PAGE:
The Scottish Funding Council (SFC) is the latest organisation to sign up to Tree Time Edinburgh, showing their commitment to the city by contributing more trees for Edinburgh’s cityscape as well as donating a team of staff volunteers to help community projects.
SFC’s support means 30 trees will be added to the tally to be planted over the 2015-16 winter by Edinburgh & Lothians Greenspace Trust (ELGT), creating a lasting legacy for the future by planting trees now to replace those which die or are felled each year in Edinburgh.
At any one time 100,000 trees, or 15% of all the city’s total, are in a critical condition – either dead or needing to be felled – and 2,000 are lost each year. Too often, it is landmark trees which are lost and which will take many years for any replacements to become as large – action is needed now to plant more and to get replacements in the ground.
What’s more, Edinburgh’s trees are at risk from various natural threats on the horizon – for example the city’s 36,000 ash trees are threatened by Chalara Ash disease, which has already killed at least 95% of Denmark’s ash trees.
As part of Tree Time Edinburgh, staff from SFC are committing a whole day’s volunteering with ELGT to tackle the menace of Himalayan Balsam along the north Edinburgh cycle and walking paths. Himalayan Balsam is a highly invasive alien species which spreads rapidly, grows almost anywhere and which smothers all competing vegetation, including newly-planted saplings and young trees. A plant can produce 800 seeds in pods which explode, blasting seeds up to 7m away. The best way to stop its spread is to pull up each plant before its flowers turn to seed. ELGT has been tackling the balsam on the cycle paths for the past five years, relying on local volunteers.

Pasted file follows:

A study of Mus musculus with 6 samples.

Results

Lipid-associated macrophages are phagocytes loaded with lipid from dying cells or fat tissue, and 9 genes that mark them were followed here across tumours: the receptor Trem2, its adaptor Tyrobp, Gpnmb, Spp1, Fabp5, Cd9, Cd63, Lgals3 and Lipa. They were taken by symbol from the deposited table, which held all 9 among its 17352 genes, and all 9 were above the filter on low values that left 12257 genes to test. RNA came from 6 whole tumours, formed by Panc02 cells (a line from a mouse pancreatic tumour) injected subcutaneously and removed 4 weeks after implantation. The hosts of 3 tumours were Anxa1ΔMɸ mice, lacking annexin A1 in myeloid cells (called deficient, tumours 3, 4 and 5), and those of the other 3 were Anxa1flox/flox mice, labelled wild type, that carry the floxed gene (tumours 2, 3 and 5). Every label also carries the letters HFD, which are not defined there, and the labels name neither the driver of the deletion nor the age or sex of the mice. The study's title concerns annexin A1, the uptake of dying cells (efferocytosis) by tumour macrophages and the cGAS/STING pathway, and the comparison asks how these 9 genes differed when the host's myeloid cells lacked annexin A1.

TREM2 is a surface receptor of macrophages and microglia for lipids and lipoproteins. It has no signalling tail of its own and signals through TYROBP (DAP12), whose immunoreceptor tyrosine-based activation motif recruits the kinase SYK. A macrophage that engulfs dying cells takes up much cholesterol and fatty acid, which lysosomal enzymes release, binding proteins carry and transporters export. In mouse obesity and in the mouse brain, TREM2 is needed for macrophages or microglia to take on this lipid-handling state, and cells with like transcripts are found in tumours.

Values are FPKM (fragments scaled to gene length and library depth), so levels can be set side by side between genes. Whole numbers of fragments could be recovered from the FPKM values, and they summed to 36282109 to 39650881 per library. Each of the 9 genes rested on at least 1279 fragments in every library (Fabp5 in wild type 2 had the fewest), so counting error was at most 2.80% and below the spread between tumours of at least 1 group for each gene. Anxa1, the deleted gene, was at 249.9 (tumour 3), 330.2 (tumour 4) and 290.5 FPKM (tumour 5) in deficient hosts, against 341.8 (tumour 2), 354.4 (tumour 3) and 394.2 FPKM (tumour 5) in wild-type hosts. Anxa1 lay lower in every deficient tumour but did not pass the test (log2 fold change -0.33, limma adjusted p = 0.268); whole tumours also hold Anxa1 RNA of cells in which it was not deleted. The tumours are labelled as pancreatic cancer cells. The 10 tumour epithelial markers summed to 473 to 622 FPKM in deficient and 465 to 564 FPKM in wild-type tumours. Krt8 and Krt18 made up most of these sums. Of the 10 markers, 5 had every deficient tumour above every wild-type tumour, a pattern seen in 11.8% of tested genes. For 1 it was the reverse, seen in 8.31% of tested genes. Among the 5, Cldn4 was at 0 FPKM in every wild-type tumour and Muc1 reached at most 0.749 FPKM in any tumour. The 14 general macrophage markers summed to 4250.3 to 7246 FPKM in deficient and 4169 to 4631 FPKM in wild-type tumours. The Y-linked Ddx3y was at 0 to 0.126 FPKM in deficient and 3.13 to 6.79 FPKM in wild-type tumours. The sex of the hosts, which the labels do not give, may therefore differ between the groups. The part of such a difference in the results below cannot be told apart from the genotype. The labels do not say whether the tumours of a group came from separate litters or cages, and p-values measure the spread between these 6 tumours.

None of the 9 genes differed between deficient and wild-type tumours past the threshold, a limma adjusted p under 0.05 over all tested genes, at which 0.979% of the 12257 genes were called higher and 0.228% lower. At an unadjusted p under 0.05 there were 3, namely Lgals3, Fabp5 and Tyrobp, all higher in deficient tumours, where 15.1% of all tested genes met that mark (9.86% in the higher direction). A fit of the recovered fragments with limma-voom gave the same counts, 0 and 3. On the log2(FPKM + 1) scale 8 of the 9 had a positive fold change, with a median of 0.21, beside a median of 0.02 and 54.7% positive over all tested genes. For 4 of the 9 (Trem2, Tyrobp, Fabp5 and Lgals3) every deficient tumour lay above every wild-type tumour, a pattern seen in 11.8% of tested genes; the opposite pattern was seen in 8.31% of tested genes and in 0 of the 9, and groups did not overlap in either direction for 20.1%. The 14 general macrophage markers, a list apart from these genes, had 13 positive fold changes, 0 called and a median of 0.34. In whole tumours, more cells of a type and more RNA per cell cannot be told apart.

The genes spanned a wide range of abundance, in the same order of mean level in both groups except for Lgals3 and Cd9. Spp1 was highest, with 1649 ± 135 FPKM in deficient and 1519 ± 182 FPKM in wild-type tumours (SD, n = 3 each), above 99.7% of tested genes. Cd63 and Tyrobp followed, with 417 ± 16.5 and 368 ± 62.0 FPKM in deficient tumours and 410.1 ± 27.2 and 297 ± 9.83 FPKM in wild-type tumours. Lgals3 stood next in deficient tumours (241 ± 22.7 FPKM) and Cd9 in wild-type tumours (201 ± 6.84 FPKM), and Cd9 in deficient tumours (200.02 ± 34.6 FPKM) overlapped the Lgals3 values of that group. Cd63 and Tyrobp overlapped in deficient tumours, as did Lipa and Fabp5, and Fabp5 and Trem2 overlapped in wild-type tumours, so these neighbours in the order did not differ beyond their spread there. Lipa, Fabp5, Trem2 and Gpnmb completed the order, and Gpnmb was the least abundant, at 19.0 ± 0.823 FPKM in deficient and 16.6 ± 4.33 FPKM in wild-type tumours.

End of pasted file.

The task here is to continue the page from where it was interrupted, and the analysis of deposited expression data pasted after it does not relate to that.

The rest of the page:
Mark Sydenham, of Edinburgh & Lothians Greenspace Trust, said: “I’m delighted that the Scottish Funding Council has signed up to Tree Time Edinburgh. Not only will this mean more trees planted, but SFC’s staff will help us reach more areas where Himalayan Balsam is growing, make sure already-cleared areas stay balsam-free and that young and future trees won’t be choked. It is only because of the past work of volunteers that ELGT was able to plant 3,500 trees on the paths at the end of 2013 in areas where if the balsam was left unchecked, new trees would struggle to grow.”
Laurence Howells, chief executive of the Scottish Funding Council, said: “The Scottish Funding Council is committed to Tree Time Edinburgh’s target of planting 6,500 trees a year and I’m delighted that our support will plant 30 saplings towards this. We’ll also be getting actively involved with 20 staff volunteering to help clear invasive plants and work with other community projects supported by Tree Time.”